Could some foods make asthma worse?

What are the common foods that make asthma bad?

If a childs asthma is mild to moderate, and has no other health problems then there is only a small likelihood that food sensitivities will play a part. In these cases more success is likely to be found by looking at other areas such as house dust mites and pets.

If there are other symptoms apart from the asthma, such as digestive complaints, nausea, constipation, diarrheoa, mouth ulcers, headaches, migraines, water retention, aching muscles, glue ear, vague feeling of being unwell, then suspect a food intolerance.

If you note that a particular food, or foods, make asthma attacks worse thenyou can suspect other foods as well because if one intolerance exists it is common for others to occur alongside it.

The most common foods to cause problems are those which are most commonly eaten including dairy foods (milk, cheese, yoghurt), wheat based foods (bread, pasta, cake biscuits), citrus fruit (especially oranges), soya based foods and eggs.

In the case of brittle asthma, which is the most severe kind of asthma, as many of 60 per cent respond to food intolerance investigations. However great caution needs to be exercised as the risk of a potentially dangerous asthma attack is greater with brittle asthma when foods are tested. In brittle asthma the reaction to foods that are reintroduced after an avoidance period can be severe, even if they were eaten frequently previously. It is sensible to test the foods when under close medical supervision, and ideally in hospital.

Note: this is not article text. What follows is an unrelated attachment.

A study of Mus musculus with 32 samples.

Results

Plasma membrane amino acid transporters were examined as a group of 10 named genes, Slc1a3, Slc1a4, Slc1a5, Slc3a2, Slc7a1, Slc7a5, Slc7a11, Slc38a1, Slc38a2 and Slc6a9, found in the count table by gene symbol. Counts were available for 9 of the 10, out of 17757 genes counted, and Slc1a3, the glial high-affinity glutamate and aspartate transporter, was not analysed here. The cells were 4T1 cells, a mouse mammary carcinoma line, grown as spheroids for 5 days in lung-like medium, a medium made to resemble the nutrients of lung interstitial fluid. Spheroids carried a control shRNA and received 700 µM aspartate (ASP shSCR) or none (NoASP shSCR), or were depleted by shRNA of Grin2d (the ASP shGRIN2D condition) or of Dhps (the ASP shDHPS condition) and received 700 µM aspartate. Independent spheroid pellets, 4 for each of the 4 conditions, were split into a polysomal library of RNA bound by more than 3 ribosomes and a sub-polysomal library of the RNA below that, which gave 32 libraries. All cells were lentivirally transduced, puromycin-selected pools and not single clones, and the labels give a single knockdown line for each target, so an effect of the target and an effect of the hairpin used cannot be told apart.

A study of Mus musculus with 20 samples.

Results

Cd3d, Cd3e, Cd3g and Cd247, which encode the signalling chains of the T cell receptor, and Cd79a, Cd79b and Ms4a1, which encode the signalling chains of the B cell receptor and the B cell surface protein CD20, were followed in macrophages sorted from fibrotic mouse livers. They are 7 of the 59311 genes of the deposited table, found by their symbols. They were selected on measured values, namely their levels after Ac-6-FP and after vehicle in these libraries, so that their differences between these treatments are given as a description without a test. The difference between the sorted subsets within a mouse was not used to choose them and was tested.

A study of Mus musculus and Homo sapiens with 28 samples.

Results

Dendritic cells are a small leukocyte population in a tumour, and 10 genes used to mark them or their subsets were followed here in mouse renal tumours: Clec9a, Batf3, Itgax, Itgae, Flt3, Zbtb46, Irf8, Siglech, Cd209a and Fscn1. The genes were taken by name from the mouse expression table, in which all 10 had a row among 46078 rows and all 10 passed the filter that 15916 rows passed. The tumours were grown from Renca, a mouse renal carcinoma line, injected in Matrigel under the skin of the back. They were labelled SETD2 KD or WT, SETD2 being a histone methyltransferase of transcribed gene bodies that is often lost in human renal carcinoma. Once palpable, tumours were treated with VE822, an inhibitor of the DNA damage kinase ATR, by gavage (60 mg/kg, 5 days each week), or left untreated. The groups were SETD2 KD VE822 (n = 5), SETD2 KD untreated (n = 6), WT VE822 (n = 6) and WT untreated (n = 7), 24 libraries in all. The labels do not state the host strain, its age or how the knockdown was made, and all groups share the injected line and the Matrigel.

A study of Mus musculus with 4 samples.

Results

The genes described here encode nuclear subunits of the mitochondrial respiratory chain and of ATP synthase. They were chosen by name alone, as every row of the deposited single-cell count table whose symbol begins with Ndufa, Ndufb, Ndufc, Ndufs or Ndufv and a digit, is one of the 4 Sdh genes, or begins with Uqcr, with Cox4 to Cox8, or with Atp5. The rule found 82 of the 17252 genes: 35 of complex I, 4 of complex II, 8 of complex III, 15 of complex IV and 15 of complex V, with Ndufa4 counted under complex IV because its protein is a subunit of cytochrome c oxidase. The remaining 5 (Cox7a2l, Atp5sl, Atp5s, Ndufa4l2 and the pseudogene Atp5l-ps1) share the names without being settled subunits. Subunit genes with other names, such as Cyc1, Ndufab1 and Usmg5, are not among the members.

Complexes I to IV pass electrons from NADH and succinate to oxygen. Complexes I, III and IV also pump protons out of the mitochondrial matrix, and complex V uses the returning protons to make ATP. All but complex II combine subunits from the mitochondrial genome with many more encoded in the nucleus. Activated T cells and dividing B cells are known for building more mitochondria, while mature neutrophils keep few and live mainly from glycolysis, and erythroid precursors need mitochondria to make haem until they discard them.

What Is Asthma?

Asthma, or reactive airway disease, is a chronic disorder that results in restricted breathing due to inflammation of the bronchial tubes, the main air passages in the lungs. Asthma affects 3 to 5 percent of adults and 7 to 10 percent of children in the United States. Severe asthma attacks cause approximately 5,000 deaths per year.

What Happens During an Asthma Attack?

Three changes occur inside the airways of the lungs in people with asthma:

  • The first change is inflammation, or swelling, whereby the airway becomes inflamed and produce a thick mucus.
  • Inflammation then leads to constriction of the muscles around the airways, causing the airways to become narrow. This narrowing is also referred to as bronchospasm.
  • The third change is increased sensitivity of the airways, causing the asthma patient to become overly sensitive to animal dander, pollen, cold air and tobacco smoke, to name a few.